Written by Shubhra Prakash
In 2017 I began interviewing my uncle Rajeev Prakash Khare about his work as a typographer, font designer and calligrapher. In the past two years, I have heard him recount and share with me his journey as an artist. His fascination with Indian letterforms, that began at a very young age, holding on to that fascination and making the decision to pursue arts, having the opportunity to immerse in learning his craft in an iconic place that is Benares and experiencing the trials and tribulations of being an entrepreneur who wanted to place Indian languages at the forefront without compromising on their aesthetics, when digitisation of text became inevitable.
He created a software APS, with his company VSOFT, that produced Indian letterforms on the computer long before Google translate was around. The challenges of an artist trying to make it as an entrepreneur, an artist who must incessantly figure out the balance of art and commerce has been engrossing for me. As a theatre artist I envisioned this story for the stage and have used the interviewing and documentary theatre techniques from my training with Ping Chong and Company. However telling the story of a visual artist / entrepreneur allowed for exploration through more mediums.
Fontwala is now shaping up to be an experience that is finding its voice through a digital exhibition, a documentary and as originally intended, a live performance in the theatre.
We will be exhibiting at the only digital art gallery of its kind in all of New Delhi. Kaleidoscope Digital Art Gallery sits in the vibrant and beautifully designed Triveni Kala Sangam, a haven for visual artists, musicians, dancers, sculptors and many enthusiasts of these disciplines. Upon entering the building, once you have looked into the exhibitions of visual artists on the right, peeked into the sculpture courtyard on the left and entered the hallway, where an amphitheatre on your right catches your eye with its pristine green grass on the stairs that make up the seats, you may altogether miss KDA if you are not careful. If you land in the cafe, you’ve gone too far. Right before the cafe to the left are stairs that take you down to a humble space with six to seven screens where several artists in the past year have presented work they explored via digital medium. To me KDA in this atmosphere is quite symbolic. One must go looking for it or if you run into it, you will find an entirely different arts experience than all the rest in the building. Here we will present the journey of the letterform. Calligraphy and concept by Rajeev Prakash Khare, animation and video editing by me.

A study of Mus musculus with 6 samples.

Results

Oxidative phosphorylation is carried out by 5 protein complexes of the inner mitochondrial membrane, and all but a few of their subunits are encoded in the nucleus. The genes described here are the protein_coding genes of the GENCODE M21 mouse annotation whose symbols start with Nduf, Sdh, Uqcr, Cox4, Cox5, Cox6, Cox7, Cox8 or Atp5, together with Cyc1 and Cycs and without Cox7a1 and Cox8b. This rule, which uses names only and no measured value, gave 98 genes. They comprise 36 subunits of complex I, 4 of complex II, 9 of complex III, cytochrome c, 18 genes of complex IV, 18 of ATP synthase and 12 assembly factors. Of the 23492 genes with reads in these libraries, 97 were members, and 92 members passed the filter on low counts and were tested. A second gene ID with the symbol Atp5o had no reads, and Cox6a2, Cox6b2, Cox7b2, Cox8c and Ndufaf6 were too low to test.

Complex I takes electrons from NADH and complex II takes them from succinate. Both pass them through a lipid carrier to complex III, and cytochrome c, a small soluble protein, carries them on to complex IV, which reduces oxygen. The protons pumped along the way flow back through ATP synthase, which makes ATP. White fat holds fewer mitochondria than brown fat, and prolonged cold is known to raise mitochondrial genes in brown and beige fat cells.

Details are here :
Kaleidoscope Digital Art is excited to present
Fontwala: Stone To Mobile, What Remains?
by Rajeev Prakash Khare and Shubhra Prakash
from 27 July to 17 August 2019 10:30 a.m. to 6:30 p.m. (Sundays closed)
at KDA, Triveni Kala Sangam 205, Tansen Marg, Mandi House,
New Delhi 110001.
A show that surveys the development of Devnagri script from it’s earliest stone engravings to its digital adaptations. The show explores the journey of the Indian letterform, specifically through Devnagri script. It investigates what is lost and what remains from times when legacies were written in stone and metal to the present; when the complex letterforms of Indian languages found their presence on various technical mediums after the development of the unicode. Through Khare’s perspective and experience as a typeface designer and calligrapher, the exhibit reflects on the pioneers who maintained the aesthetics of the letterform, the challenges experienced in transition from one medium to another; and the possibilities that lie ahead for the letterform and a call for technical adjustments to accommodate the legacy of notable Indian scripts.